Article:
Standing under the giant gold umbrella of foliage that covered your majestic shade tree this fall was like wandering into a painting, but now that the leaves have all fallen and the stately guardian is beginning its winter rest, it’s time to consider the clean up. You’ve already mulched the leaves on the lawn, but that’s only the beginning. Your gutters were also gracious receptacle of those golden flags — they’re going to need a good cleaning to keep working like they should.
There’s no easy way to say this, so I’m just going to come out with it. All that gross, grimey stuff in your gutters has to go and there’s not really a hands-off way to do this that’s both safe and reliable. The very best way to clean your gutters is still to don some work gloves, mount a ladder and use a garden trowel to scrape out all the detris that’s accumulated since the last time you or the former owner of your home did this vile task.
Try very hard to not push any of that debris down into the downspouts. Once inside the downspout, that mess of rotting leaf matter can turn into the most epic clog you can imagine, requiring a Herculean effort to extract. That is not what you want to spend doing this weekend. Instead, start at the downspout and work toward the middle of the gutter, and then repeat on the other side if it also has a downspout.
You can toss the mess into a bucket you’ve carefully hung from your nifty ladder, lay a tarp down to catch whatever you toss on it or have a friend on the ground who gets to be the unlucky bearer of the compost pail. Just try to get most of the muck in the container or he won’t come back to help you fix that chimney cap.
Once all the muck’s cleaned out, you should then run a hose to rinse the silty deposits out of the bottom of the gutters until they shine. This will also show you if there are any leaks or sagging spots that need to be addressed right away. Your gutters should always move on a downward slope toward the downspout, without any places that can allow for puddles to accumulate unless you’re interested in breeding mosquitoes.
With your gutters nice and clean, you can see exactly what needs to be done, if anything. Because many gutters are neglected for years and years, they often are found in quite a shape by the time anyone bothers to clean them or give them any attention. There are three common problems you may encounter:
Loose gutter nails. The most common offense, by far, is going to be loose gutter nails. You might as well just buy a bunch of new nails and grab a hammer before you even start your clean-out. Unless your gutters are brand new, they’ve had time for the sheer weight of water, wet leaves and who knows what else to work those nails out bit by bit. Remove any nails that are bent, broken or have separated from the house and put a shiny new one in its place.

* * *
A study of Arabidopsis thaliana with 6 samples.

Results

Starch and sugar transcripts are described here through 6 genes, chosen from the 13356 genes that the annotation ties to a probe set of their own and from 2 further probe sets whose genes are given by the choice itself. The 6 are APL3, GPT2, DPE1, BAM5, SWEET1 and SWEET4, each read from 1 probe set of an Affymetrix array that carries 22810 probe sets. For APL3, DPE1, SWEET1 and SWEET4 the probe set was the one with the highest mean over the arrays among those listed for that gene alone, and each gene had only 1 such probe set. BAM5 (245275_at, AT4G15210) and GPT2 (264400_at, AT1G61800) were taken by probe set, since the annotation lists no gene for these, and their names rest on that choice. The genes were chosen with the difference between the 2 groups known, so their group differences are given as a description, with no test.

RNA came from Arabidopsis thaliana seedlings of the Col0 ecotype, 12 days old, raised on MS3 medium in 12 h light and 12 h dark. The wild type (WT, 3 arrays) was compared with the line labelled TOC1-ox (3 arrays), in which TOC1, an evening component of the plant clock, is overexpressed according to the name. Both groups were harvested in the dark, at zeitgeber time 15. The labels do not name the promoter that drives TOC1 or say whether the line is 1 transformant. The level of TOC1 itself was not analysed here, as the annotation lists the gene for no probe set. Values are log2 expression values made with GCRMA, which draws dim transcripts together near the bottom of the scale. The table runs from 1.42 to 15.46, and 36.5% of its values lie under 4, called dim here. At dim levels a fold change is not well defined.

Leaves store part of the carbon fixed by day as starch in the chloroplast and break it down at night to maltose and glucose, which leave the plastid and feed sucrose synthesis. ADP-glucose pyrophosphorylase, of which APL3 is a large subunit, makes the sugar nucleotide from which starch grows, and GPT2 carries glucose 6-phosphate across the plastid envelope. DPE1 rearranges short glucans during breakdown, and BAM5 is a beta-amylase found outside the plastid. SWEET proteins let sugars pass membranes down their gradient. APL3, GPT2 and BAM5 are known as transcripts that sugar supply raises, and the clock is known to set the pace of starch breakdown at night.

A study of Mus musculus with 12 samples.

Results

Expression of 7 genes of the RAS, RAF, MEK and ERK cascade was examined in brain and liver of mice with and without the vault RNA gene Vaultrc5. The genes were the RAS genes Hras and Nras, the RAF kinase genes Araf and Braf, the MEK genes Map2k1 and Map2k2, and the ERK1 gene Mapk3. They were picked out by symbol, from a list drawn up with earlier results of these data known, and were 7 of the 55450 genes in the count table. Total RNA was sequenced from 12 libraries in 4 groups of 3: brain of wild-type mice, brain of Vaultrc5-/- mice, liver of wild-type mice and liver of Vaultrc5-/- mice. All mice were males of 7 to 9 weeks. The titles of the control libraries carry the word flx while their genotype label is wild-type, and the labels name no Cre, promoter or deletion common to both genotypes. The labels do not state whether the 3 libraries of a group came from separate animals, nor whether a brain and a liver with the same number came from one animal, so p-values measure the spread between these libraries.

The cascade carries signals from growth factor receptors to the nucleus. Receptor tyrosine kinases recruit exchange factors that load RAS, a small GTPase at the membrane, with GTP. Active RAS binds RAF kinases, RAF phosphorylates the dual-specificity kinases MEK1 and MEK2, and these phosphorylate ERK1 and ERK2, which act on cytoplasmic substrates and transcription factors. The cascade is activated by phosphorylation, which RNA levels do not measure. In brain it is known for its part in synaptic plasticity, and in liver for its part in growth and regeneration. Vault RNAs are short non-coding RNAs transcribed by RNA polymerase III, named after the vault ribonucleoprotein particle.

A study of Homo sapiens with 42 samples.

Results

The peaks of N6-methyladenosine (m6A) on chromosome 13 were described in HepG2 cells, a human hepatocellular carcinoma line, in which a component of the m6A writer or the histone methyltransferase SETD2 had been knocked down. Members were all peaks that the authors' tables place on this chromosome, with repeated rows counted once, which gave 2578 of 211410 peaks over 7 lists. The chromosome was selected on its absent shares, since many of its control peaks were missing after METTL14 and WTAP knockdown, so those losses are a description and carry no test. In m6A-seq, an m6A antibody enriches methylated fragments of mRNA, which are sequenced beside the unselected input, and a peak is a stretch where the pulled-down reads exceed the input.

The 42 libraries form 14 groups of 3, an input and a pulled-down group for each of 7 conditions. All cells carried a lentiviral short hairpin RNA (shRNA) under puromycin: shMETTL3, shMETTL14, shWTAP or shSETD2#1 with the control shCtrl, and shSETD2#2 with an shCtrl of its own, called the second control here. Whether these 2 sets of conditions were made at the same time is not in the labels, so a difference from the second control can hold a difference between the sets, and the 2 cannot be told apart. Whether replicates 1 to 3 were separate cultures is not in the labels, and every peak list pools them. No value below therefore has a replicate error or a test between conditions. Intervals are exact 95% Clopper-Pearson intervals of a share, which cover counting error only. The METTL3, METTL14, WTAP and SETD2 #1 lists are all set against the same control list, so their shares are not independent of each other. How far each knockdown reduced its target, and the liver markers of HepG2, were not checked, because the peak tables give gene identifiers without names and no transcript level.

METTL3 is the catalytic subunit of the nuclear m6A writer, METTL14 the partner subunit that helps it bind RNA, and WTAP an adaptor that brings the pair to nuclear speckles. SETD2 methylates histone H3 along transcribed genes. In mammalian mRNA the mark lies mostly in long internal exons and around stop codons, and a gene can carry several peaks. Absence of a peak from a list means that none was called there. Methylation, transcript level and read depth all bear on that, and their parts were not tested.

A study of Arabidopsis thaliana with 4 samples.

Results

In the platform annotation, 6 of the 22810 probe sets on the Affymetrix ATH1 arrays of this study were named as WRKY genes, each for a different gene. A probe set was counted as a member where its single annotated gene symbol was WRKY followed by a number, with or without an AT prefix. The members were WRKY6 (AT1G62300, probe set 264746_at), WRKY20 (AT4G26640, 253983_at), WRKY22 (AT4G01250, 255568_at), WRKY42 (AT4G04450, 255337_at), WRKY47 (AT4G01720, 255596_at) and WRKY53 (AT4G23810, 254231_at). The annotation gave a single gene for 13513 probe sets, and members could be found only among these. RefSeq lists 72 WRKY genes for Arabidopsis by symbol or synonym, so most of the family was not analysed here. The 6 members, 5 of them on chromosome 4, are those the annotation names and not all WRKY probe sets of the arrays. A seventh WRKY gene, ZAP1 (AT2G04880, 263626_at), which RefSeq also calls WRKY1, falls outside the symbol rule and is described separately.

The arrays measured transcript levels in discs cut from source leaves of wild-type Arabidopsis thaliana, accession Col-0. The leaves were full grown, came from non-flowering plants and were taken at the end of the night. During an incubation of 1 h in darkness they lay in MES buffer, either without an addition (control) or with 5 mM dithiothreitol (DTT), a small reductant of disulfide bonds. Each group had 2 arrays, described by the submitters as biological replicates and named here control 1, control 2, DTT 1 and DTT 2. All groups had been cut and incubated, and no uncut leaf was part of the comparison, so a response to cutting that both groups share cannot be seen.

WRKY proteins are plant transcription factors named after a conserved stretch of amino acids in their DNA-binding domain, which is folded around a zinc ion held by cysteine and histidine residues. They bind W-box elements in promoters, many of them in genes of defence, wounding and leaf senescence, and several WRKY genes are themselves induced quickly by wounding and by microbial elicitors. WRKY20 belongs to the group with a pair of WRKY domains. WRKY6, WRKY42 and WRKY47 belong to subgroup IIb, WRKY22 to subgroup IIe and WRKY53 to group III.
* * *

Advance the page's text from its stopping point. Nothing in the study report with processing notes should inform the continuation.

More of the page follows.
Dried out caulk. Caulk helps keep the contents of your gutters from seeping behind them and encouraging nasty rot and mold colonies on the fascia of your home. When the caulk starts to go missing or is dried out and loses its ability to really resist water, sun and heat, it’s time to grab a putty knife, remove it all and start again. Putting down a caulk bead is no big deal. The real trick behind the quality of seal you get at the end of this project is in the prep work. Make sure the area is free of chipping paint and that it’s clean, it’s dry and it’s totally ready to rock and roll before you even open the caulk tube.
Rusted or broken seams. These days most gutters are aluminum or plastic, and many are of the seamless variety, so this may not apply to your home. But you should take a good long look at any joints in your gutters to ensure that they’re working as they should and are in good shape anyway. Aluminum will corrode to a white powder, so if your aluminum joints look deformed or powdery, it could still be a good idea to swap them out.
Gutter guards are not a way to get out of ever having to clean the gutters ever again, especially if you live on a lovely tree-lined street. They will, however, delay the inevitable, provided you choose high quality gutter guards that will continue to allow water to flow freely while stopping debris. The last thing you want is your gutter guards to cause water to backup and damage your roof or walls.
There are plenty of gutter guard designs, some are easier to install than others and some work better than others under different conditions. Ask the sales rep for help choosing one based on your particular needs, but don’t leave the store with gutter guards that are going to be overly difficult or cumbersome to remove because eventually you’re going to have to clean those gutters again.
Cleaning your gutters is a labor of love, there’s absolutely no doubt. It’s one of those chores that you know you have to do to keep your house in the best health possible, but it’s also not a lot of fun, requires that you balance on a ladder while dealing with some potentially awful and slimy stuff and frankly, not a really job you even have to do if you don’t want to.
Did you know there are lots of people you can hire to do things like this waiting for you in HomeKeepr? All you have to do is open it and look them up, a quick email or telephone call will have a gutter professional at your home in no time. Instead of potentially ruining a friendship by dropping muck on your best pal, invite your buddy over for the big game and let the pros handle your gutter problem. You can relax, safe in the knowledge that next fall that big, glorious tree won’t create a giant pain in your home maintenance checklist.